Many years ago, motorcycle racer, king of motorcycle cornering and instructor Keith Code launched the California
Superbike School. Through years of experience, he identified specific nuances that were occurring with riders during
racing, particularly on bends. They were often resulting in slower or faster than necessary entry speeds, incorrect
lines, a lack of stability in mid-corner and unsuitable entry and exit speeds.
Today the California Superbike School provides structured coaching to develop a rider’s motorcycling handling skills
for road riders and racers. It is known throughout Europe and America in motorcycling circles.
Serious consequences for minor mistakes
Some of the nuances that riders have on the track are true of riding on the roads, but there are many other nuances
too when it comes to riding on the roads – and, with potentially more serious consequences for even the most minor of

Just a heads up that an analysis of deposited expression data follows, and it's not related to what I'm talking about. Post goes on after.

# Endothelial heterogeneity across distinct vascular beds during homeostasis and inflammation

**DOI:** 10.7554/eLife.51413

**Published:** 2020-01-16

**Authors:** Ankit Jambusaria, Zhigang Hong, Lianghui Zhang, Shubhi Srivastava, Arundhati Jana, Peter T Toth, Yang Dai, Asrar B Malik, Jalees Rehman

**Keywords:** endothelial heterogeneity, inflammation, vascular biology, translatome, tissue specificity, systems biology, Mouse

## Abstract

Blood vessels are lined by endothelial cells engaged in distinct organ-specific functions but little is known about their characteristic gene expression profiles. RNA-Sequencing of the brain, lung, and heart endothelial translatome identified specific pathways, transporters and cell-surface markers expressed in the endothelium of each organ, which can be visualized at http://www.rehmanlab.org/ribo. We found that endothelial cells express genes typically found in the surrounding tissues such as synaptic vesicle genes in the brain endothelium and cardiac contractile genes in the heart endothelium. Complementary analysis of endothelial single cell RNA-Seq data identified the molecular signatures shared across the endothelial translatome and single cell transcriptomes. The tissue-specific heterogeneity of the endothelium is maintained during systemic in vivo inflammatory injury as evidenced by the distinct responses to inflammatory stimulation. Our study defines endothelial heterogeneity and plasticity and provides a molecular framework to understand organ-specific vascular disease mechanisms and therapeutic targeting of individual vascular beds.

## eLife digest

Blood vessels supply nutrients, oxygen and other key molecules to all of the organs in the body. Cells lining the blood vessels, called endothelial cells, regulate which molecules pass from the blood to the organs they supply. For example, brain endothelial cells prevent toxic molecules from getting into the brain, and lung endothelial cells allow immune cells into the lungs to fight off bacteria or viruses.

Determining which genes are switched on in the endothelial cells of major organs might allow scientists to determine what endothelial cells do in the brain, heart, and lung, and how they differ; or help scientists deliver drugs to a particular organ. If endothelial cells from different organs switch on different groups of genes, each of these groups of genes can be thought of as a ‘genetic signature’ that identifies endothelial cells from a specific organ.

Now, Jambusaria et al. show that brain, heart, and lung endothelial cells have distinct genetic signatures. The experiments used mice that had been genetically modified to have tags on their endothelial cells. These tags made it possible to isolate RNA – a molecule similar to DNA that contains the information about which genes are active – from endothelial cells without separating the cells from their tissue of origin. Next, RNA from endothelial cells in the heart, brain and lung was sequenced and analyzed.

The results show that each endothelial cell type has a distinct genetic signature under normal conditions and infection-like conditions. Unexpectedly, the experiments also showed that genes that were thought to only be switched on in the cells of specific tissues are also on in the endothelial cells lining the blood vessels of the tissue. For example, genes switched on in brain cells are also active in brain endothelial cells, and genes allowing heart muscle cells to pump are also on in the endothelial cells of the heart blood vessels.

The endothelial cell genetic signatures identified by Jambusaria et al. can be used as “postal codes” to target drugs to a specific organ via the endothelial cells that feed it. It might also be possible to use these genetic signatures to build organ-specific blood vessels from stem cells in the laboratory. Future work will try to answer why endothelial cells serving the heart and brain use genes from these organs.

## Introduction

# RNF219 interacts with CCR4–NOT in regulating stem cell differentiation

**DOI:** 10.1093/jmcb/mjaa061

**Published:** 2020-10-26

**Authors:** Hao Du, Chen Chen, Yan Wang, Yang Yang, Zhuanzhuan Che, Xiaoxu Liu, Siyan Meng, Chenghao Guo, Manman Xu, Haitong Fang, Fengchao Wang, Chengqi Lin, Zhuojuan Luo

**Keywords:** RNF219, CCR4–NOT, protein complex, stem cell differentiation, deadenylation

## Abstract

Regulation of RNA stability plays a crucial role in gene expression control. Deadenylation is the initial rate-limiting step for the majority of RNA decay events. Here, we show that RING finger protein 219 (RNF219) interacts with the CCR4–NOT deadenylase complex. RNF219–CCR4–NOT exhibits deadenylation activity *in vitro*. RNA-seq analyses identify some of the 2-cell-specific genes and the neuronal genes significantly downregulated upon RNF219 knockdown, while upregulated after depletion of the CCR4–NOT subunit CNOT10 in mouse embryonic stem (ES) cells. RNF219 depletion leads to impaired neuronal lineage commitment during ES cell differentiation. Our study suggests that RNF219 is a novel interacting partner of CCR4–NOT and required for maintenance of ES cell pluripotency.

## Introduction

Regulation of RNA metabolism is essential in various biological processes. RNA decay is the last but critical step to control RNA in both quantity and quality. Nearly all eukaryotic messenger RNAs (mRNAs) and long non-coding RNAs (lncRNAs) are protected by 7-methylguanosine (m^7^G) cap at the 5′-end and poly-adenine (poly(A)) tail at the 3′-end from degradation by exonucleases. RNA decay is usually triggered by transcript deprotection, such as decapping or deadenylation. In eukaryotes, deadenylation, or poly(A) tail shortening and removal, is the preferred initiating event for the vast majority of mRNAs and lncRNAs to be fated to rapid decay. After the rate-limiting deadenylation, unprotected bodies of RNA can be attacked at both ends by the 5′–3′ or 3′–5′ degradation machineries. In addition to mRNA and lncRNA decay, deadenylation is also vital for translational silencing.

mistakes that a rider may make. And yes, we all make them. Get Cornering provides a structured road-based motorcycle
cornering course for road riders, with the same goal of developing cornering skills, except in real time and in live
situations, on the roads.
Industry research on motorcycle cornering
The Department for Transport and other reputable groups’ research, including the Driving and Vehicle Standards
Agency, recognise that approximately 40% of motorcycle crashes are initially caused during motorcycle cornering with
no other vehicle involved. In other words, we as riders have made a mistake, no matter how small. Additionally, it is
estimated that overall, at least 60% of all motorcycle crashes occur on bends.
Motorcycle Cornering represents the highest injuries and fatalities
The injury and fatality rate amongst riders is largest in this area of road riding. Crashes on left hand bends are
predominantly very serious or fatal due to the collision with oncoming traffic. Right hand bends incur serious
injuries and fatalities with trees, lamp posts, parked vehicles and pedestrians. However, staggeringly, proportionate
attention to this area of crashes is significantly lacking in the industry and there was no focused course – until Get
Cornering launched in 2011. As well as fun, we also take safety seriously too.